When I tell church friends that I work in animal theology, I am often met with puzzled looks: ‘Do you mean animals go to heaven?’ Animal theology certainly includes such questions, but has wider concerns: What is animal creation for? To what end did God make them? How are humans supposed to treat them?
The question “What are animals for?” has been debated with renewed vigour from the mid-twentieth century when traditional answers such as ‘for us to eat’ increasingly seemed wrong. This renewed interest lies behind the recent meteoric growth in veganism; no business can now afford to ignore its vegan customers.
Perhaps because of our understanding of ‘dominion’, Christians initially neglected the developing debate. As recently as 1990, John Selwyn Gummer, then British Minister of Agriculture and member of the Church of England Synod, observed: ‘the Bible tells us that we are masters of the fowls of the air and the beasts of the field, and we very properly eat them’. This view understandably conveys a dismal vision of Christianity. The BBC wildlife presenter Chris Packham commented that Christians believe ‘We’re made in God’s image so everything is there to be exploited by us. It doesn’t help people’s attitudes’.
This may reflect the traditional view exemplified by Mr Gummer, but more recently some Christians have begun to speak out for animals, as the work of Sarx or CreatureKind illustrate. In fact, this is no novelty. Christians may have been silent in the twentieth century, but earlier believers often asked what animals are for, especially Christians in the Nonconformist and evangelical Anglican traditions. The majority of early animal advocacy had a biblical flavour, from the seventeenth century laws banning bear baiting to the anti-vivisection movement 200 years later. Why was this?
In the harsh and sometimes unforgiving conditions of early modern England, the spectre of scarcity or even famine haunted most people in rural England. The dominant way of talking about animals was pragmatic, focused on human survival. Farmers simply could not afford to value animals for their own sake. Yet in 1657, we find the Puritan chaplain John Trapp arguing that animals ‘are good creatures in their own nature and kind, and made to set forth the glory and magnificence of the great God’. This represented a significant break from the usual way of talking about animals, and it was inspired by Trapp’s encyclopaedic knowledge of the Bible. Nor was Trapp alone. The creatures, said George Walker in 1641, ‘were created perfect and approved by God as good’. So what are they for?
The Westminster Confession of 1647 is clear: God created the world ‘for the manifestation of the glory of His eternal power, wisdom, and goodness’. For John Calvin, writing nearly a century earlier, if we had eyes to see, the glory of God would be clearly seen engraved on each of his creatures. When he created the world, ‘God for the first time was arrayed in visible attire [so that], to whatever side we turn, we behold his perfections visibly portrayed’. ‘Look into the air’, exhorted Thomas Watson in 1692; ‘the birds, with their chirping music, sing hymns of praise to God… Every beast doth in its kind glorifie God.’ ‘They pay no service to man; let them the more heartily confess their allegiance to the Lord’ preached C. H. Spurgeon in the late nineteenth century.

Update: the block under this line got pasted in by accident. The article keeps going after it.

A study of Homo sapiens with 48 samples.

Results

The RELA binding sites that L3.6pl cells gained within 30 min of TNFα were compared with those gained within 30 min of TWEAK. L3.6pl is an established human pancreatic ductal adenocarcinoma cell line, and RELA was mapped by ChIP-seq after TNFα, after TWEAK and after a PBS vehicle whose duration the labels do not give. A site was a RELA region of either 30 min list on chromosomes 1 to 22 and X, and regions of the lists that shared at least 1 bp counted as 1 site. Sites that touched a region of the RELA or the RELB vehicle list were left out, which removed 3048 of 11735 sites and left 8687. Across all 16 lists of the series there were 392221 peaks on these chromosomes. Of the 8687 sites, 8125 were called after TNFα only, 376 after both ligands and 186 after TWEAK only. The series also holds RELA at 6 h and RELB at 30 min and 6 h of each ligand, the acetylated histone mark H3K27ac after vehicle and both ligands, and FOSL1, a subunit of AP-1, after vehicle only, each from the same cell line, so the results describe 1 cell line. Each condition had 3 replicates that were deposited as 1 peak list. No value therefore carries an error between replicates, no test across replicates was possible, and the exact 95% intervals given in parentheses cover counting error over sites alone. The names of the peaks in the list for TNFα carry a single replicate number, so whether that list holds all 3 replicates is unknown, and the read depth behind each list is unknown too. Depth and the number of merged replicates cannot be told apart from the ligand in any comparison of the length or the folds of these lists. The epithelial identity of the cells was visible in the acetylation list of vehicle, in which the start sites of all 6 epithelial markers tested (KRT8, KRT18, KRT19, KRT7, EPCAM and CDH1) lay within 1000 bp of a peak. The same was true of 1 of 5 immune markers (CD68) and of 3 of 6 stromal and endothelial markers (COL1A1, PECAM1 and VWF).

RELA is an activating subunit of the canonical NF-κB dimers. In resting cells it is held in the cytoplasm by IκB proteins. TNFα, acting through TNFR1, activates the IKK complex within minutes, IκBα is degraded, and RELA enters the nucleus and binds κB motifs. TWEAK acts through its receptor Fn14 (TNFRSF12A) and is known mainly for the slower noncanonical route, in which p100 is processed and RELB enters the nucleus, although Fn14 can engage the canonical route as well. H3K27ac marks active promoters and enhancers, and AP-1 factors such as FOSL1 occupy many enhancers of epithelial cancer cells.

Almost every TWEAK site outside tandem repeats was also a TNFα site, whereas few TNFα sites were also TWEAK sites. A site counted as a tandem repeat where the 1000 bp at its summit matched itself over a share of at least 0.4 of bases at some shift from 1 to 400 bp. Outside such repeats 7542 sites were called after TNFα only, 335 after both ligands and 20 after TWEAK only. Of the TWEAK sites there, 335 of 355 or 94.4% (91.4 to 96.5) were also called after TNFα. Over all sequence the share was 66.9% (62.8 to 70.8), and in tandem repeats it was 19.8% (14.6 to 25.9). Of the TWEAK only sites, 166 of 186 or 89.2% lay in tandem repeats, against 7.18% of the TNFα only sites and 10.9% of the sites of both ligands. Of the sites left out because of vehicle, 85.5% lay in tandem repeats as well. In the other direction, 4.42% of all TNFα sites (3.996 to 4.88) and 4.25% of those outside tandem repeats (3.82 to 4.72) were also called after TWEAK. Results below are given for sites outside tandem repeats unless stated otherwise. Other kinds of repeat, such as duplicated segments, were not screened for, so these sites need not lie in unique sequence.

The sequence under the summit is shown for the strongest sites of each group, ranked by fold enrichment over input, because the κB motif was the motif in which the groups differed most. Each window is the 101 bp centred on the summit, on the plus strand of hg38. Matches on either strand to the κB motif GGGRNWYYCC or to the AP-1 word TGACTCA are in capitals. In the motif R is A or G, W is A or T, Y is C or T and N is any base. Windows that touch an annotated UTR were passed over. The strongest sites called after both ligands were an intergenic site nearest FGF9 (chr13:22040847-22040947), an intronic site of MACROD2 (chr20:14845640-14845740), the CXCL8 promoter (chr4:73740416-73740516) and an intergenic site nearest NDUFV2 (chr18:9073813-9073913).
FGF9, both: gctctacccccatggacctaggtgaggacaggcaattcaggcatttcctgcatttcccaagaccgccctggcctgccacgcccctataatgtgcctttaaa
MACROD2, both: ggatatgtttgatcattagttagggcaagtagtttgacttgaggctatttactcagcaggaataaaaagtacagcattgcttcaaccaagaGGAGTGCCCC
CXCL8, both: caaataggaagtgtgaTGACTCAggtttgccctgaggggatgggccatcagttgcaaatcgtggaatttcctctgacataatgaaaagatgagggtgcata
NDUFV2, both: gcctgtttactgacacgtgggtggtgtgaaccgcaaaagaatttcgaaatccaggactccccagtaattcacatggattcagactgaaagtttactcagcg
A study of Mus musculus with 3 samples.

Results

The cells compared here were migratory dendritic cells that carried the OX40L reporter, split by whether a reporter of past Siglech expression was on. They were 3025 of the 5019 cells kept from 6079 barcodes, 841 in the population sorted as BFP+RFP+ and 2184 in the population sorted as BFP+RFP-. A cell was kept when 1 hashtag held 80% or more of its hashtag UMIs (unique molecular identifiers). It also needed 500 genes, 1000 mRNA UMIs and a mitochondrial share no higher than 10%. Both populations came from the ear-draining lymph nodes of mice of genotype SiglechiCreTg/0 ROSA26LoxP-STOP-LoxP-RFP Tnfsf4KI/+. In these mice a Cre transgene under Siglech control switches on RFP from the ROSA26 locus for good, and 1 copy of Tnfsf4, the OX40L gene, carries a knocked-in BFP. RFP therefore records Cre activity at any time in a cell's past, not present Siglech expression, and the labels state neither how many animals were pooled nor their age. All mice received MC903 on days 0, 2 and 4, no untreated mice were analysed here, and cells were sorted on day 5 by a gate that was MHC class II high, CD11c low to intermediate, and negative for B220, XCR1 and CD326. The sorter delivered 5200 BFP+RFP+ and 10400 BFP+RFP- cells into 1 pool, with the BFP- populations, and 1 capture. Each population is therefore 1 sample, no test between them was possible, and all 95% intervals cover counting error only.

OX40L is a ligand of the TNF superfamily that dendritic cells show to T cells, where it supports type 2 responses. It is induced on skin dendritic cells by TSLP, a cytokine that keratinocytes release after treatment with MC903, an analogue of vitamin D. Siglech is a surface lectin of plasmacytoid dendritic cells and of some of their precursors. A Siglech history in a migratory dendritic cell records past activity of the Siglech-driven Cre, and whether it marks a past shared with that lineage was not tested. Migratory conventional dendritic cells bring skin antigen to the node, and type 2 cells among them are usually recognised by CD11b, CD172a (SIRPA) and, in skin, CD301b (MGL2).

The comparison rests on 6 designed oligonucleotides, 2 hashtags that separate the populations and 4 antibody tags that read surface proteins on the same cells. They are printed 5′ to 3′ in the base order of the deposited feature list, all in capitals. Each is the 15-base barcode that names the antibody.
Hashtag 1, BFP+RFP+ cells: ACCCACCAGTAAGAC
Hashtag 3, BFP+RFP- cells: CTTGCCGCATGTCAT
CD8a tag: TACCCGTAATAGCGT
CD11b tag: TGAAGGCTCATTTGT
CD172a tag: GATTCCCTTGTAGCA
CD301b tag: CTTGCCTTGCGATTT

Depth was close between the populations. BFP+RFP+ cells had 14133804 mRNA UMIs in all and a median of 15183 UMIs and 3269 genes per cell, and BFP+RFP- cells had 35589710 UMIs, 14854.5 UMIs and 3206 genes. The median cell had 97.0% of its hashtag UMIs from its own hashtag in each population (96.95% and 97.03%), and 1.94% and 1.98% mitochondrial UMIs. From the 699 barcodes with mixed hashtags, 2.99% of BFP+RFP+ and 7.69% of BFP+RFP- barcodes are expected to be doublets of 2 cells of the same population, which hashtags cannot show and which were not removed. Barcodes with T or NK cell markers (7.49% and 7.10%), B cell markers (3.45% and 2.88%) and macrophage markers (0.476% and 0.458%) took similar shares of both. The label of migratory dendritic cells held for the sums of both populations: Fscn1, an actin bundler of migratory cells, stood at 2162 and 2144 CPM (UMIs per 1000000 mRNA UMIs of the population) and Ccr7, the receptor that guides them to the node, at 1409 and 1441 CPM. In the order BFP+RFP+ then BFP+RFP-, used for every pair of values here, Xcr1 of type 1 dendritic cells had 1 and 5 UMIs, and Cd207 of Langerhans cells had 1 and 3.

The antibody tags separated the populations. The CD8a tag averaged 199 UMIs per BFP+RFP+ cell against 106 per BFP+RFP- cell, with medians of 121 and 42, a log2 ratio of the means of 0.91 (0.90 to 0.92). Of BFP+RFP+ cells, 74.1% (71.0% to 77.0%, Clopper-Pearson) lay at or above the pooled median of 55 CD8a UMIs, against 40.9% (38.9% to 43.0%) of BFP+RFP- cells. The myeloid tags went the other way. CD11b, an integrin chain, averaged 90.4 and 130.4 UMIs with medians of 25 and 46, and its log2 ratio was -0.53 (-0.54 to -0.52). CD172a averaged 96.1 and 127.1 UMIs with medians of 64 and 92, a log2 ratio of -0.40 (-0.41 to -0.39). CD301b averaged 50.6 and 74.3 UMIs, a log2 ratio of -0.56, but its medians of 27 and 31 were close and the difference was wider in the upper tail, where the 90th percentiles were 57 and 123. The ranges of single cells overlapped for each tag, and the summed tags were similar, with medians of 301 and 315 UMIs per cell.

Animals were created to praise and reveal God. Numerous contemporary worship songs preserve this vision. ‘Let the whole earth praise him’, ‘Creation’s revealing God’s majesty’, ‘Every creature unique in the song that it sings’. And what is the role of humans? Why, to join in, of course. Again, contemporary songs proclaim this: ‘With all creation I sing praise to the King of Kings’, declares Jennie Lee Riddle’s Revelation Song. But do we remember what we sang when we go home to lunch? Our role is to conduct the great hymn of praise, not to eat the singers.
‘All the world’s a stage’, observed Shakespeare, but for the nonconformists, not just ‘all the men and women players’. According to the Puritan Stephen Charnock, animals also have ‘a part to act, and a nature suited to that part and end it is designed for; and all concur in a joint language to publish the glory of the divine wisdom, they have a voice to proclaim the glory of God’. There is a communal harmony of praise with all creatures ‘proportioned to one another, and contributing to the beauty of the whole.’ If we once glimpsed this, it would enrapture us with the admiration of God. The creatures, said Richard Baxter in 1678, are a ‘love-token from our dearest friend’.
Yet, claimed Mr Gummer, the Bible teaches we are ‘masters’ of the animals and ‘we very properly eat them’. The Nonconformists overwhelmingly rejected this. Animals were created to glorify God, not as culinary ingredients. Indeed, animals and humans alike were created to eat a vegetable diet, not one another. As John Calvin put it in about 1555, ‘When we see herbs and suchlike things to grow, we are given to understand thereby, that God is the purveyor for the whole world, even for the beasts of the earth, and for the birds, and for all things’. Our dominion should be modelled on God, so that the whole earth might praise him. As Thomas Boston observed in 1720, dominion makes man ‘God’s deputy governor in the lower world, and this his dominion was an image of God’s sovereignty.’ If we are sometimes forced to eat animals to survive, it is on account of human sin, and we do it very improperly.
To return to the question I am often asked: ‘Do animals go to heaven?’. Asked the same question in the 18th century, the hymn-writer Augustus Toplady (Rock of Ages) replied with great emphasis, ‘Yes, all, all!’
Dr Philip J. Sampson FOCAE is a writer and lecturer on animals and animal ethics.
His new book Animal Ethics and the Nonconformist Conscience by Palgrave Macmillan is available in downloadable and hardback editions.